Chuck Norris
Sometimes, as the saying goes, the truth really is stranger than fiction. There may have been some wild plotlines on "Walker, Texas Ranger," but there was nothing that compares to the scandal surrounding "Fast and Furious" -- the Bureau of Alcohol, Tobacco, Firearms and Explosives operation that resulted in the loss of a distinguished Border Patrol agent, Brian Terry.

The congressional investigation into "Fast and Furious" has been going on for more than a year, but it was stonewalled by Attorney General Eric Holder, who instead opened an internal investigation by the Department of Justice's inspector general. Tens of thousands of internal Justice Department documents supplied to the inspector general were withheld from Congress, despite having been requested in a lawful subpoena issued by the House Committee on Oversight and Government Reform. This act of stubborn defiance resulted in Holder's becoming the first attorney general to be voted in contempt of Congress. Now Inspector General Michael Horowitz's report finally has been released, but it leaves some critical questions unanswered. Before delving into specifics, let me thank Townhall's Katie Pavlich for her help deciphering the report, as well as her groundbreaking reporting on this issue from day one.

Media accounts surrounding the release of the report had a routine flavor, which was otherworldly in light of the report's contents. The Associated Press reported that "the Justice Department's internal watchdog ... faulted the agency for misguided strategies, errors in judgment and management failures during a bungled gun-trafficking probe in Arizona that resulted in hundreds of weapons turning up at crime scenes in the U.S. and Mexico." Oh, is that all?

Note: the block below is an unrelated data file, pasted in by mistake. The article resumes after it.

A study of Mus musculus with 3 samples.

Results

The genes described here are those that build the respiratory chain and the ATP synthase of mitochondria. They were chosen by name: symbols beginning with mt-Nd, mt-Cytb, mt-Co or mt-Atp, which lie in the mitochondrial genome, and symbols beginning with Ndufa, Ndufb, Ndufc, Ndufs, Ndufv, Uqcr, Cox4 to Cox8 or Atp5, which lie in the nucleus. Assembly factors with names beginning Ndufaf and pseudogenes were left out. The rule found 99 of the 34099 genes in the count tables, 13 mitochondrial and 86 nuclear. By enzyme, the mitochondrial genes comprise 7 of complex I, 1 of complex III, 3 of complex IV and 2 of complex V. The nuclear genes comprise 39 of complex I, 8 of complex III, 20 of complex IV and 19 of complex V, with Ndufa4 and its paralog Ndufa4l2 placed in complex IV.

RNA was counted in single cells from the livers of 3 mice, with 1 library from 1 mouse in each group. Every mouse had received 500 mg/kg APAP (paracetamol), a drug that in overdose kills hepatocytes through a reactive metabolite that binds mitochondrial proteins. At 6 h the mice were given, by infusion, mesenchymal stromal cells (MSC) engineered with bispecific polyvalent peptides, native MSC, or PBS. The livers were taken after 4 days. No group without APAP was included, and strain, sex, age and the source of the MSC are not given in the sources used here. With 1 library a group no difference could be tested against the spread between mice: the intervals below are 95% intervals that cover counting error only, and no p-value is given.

"Fast and Furious" involved the "walking" of guns into Mexico -- an artful term for gun smuggling that was clearly illegal but nonetheless encouraged. Most of these guns turned up in the hands of drug dealers and known criminals. The ostensible goal of the ATF was to catch these cartel members red-handed with the smuggled guns during crimes in Mexico. Two of the guns that were "walked" into Mexico were found at the crime scene of the killing of Agent Terry, who died in a firefight with drug cartel henchmen.

Thousands of guns walked into Mexico are still on the loose. Where are they, and how many are out there? Does the U.S. government have a plan to recapture them, or will we simply spend years wondering how many more victims they are being used to kill? And who will make sure that Congress and the public are made aware if and when these guns surface at more crime scenes here in the U.S.?

Chuck Norris

Chuck Norris is a columnist and impossible to kill.